At the beginning of July, I had the opportunity to spend two days at a retreat with one of my favorite authors and speakers, Rob Bell.
There were only thirty of us at the retreat, and the idea behind it was to bring something that you are working on, a problem you are trying to solve or to bring with you the fact that you are stuck and trying to figure out which direction to take in life.
The weekend was a combination of inspiration, coaching, and group therapy, and it was amazing.
Not surprisingly, every person that attended had some background in the Evangelical wing of the Christian church, and every single one had been wounded by it. Some had been so wounded that they wondered if they could ever identify as Christian again.
After the first day, I went out to dinner with several group members and deeply conversed with one woman who wanted to know about the kind of church I served.
She was curious because she and her husband had stopped attending church some years ago. They discovered could no longer affirm many of their church's beliefs and practices. "Tell me more about your church," she told me, so I did.
"I've never talked to a pastor of a church like that," she told me.
"You mean one where you don't have to check your brain at the door?" I asked her.
She laughed, but I could tell she was hurting inside about it.
She told me that their church had been their community, and they were still friends with many of the people who still attended, but their friendships were strained because they'd left. It was disorienting and awful.
They had built an entire life grounded in a way of belief that fell apart and were reeling from its aftermath.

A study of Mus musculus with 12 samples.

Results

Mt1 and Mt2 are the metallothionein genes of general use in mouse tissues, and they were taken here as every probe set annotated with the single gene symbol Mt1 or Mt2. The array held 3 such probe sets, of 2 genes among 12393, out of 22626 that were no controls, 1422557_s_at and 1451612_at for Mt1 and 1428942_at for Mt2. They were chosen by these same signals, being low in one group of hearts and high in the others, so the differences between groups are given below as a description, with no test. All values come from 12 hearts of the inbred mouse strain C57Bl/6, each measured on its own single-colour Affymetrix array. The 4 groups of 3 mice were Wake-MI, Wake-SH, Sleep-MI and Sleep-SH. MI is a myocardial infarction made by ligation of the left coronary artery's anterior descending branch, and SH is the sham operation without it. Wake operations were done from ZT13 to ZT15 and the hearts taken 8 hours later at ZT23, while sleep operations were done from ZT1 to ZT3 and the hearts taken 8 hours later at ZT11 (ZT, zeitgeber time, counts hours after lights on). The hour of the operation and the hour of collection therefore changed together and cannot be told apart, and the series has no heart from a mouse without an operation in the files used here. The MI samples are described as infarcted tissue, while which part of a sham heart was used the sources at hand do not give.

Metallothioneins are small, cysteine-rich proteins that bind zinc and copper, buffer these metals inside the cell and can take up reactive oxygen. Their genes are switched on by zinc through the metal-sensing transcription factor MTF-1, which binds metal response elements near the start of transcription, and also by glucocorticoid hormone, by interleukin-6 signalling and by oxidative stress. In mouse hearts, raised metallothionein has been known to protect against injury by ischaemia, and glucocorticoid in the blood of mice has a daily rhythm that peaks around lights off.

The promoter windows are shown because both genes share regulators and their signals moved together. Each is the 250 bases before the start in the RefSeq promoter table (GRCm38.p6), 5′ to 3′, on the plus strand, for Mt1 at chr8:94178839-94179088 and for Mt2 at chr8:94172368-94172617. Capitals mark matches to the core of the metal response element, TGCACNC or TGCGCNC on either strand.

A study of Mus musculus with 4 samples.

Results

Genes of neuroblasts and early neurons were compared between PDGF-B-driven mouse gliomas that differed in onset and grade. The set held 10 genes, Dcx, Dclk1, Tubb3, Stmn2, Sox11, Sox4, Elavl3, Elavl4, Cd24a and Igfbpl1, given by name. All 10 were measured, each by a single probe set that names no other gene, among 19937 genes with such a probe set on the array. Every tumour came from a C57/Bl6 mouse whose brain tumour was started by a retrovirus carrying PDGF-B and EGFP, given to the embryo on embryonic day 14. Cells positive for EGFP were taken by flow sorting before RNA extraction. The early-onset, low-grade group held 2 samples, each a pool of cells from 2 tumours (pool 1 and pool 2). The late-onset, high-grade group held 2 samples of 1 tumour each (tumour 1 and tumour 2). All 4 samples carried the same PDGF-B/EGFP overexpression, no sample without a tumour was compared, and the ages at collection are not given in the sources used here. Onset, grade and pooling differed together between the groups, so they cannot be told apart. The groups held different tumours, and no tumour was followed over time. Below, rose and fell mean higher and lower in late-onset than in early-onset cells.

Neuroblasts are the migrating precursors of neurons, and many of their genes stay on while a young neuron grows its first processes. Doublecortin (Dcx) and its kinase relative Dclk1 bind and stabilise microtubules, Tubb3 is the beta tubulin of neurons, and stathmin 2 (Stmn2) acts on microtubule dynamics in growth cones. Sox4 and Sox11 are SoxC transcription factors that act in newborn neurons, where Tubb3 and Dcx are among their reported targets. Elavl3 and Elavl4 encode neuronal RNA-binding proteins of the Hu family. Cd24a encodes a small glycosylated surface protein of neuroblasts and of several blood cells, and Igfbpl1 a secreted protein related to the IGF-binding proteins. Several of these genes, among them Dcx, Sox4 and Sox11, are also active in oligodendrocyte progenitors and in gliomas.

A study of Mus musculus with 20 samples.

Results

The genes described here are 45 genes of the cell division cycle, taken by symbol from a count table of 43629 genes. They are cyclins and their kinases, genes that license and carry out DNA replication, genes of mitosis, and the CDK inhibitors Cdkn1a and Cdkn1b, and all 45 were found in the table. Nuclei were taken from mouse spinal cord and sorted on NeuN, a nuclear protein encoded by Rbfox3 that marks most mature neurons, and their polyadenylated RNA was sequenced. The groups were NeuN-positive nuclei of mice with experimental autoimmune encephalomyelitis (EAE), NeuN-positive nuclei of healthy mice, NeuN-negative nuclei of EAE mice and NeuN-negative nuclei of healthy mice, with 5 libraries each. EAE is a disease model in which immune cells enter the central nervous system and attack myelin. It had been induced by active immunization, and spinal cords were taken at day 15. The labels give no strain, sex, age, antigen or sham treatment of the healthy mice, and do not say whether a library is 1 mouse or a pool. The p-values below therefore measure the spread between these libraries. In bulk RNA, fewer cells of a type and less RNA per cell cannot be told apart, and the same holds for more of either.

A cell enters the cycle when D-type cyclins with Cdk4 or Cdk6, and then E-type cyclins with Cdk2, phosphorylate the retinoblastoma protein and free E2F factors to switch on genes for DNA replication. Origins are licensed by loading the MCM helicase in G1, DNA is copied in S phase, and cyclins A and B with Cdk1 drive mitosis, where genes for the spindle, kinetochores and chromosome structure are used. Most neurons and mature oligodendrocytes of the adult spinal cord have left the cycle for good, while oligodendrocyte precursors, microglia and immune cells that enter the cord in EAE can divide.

Afterward, I reflected on our conversation and remembered something Rob Bell had said earlier that day. He said it after another group member expressed a similar sentiment about leaving behind their former life of faith and struggling to know where to go next with it.
Rob said, "You built an intellectual framework to protect you from the former life. Then it overheats and falls apart in proximity with uncertainty."
The person he addressed replied, "It's like I'm starting all over again."
Then Rob replied, "Beginners mind is the only game to be playing."
I've been thinking a lot about that whole exchange, especially in light of my conversation with the woman at dinner that night.
Sometimes you find yourself in a space where all of the old paradigms, the ways you set up your life, beliefs, and all the rest of it just don't work anymore. You outgrow them, perhaps. Or maybe you changed so much from when you first held them that they no longer feel the same.
Life is life-y. It can turn everything upside down in a moment.
And sometimes those moments leave us feeling raw, wounded, and even hollow inside. In those moments, we can wonder what our next steps will be and if we even want to take them at all. The uncertainty can be more than we can handle.
But those same moments can also be a gift if we are willing to employ what Rob called a "beginners mind."
Starting over with new perspectives and surrendering our desire to be in control is often the very thing we need to find our way forward. It can be an invitation of sorts to a different way of knowing and being.
God finds us in the uncertainty. In fact, that's where God seems to be most often experienced because we shed all of our resistance when we let go of what was, and discover that what is to come may be unknown to us but aren't unknown to God.
You are not alone if you find yourself in between what was and what will be.
We all experience this. We are constantly in flux, forever in the liminal, in-between spaces of what we thought we knew and what we will come to know.
As the poet Wendell Berry once wrote, "We are either beginning, or we are dead."
Let your beginners mind be your guide, and trust that the One who loves you beyond all love will be with you as you step forward into the unknown. May you find peace in it and new life.
And may the grace and peace of our Lord Jesus Christ be with you now and always. Amen.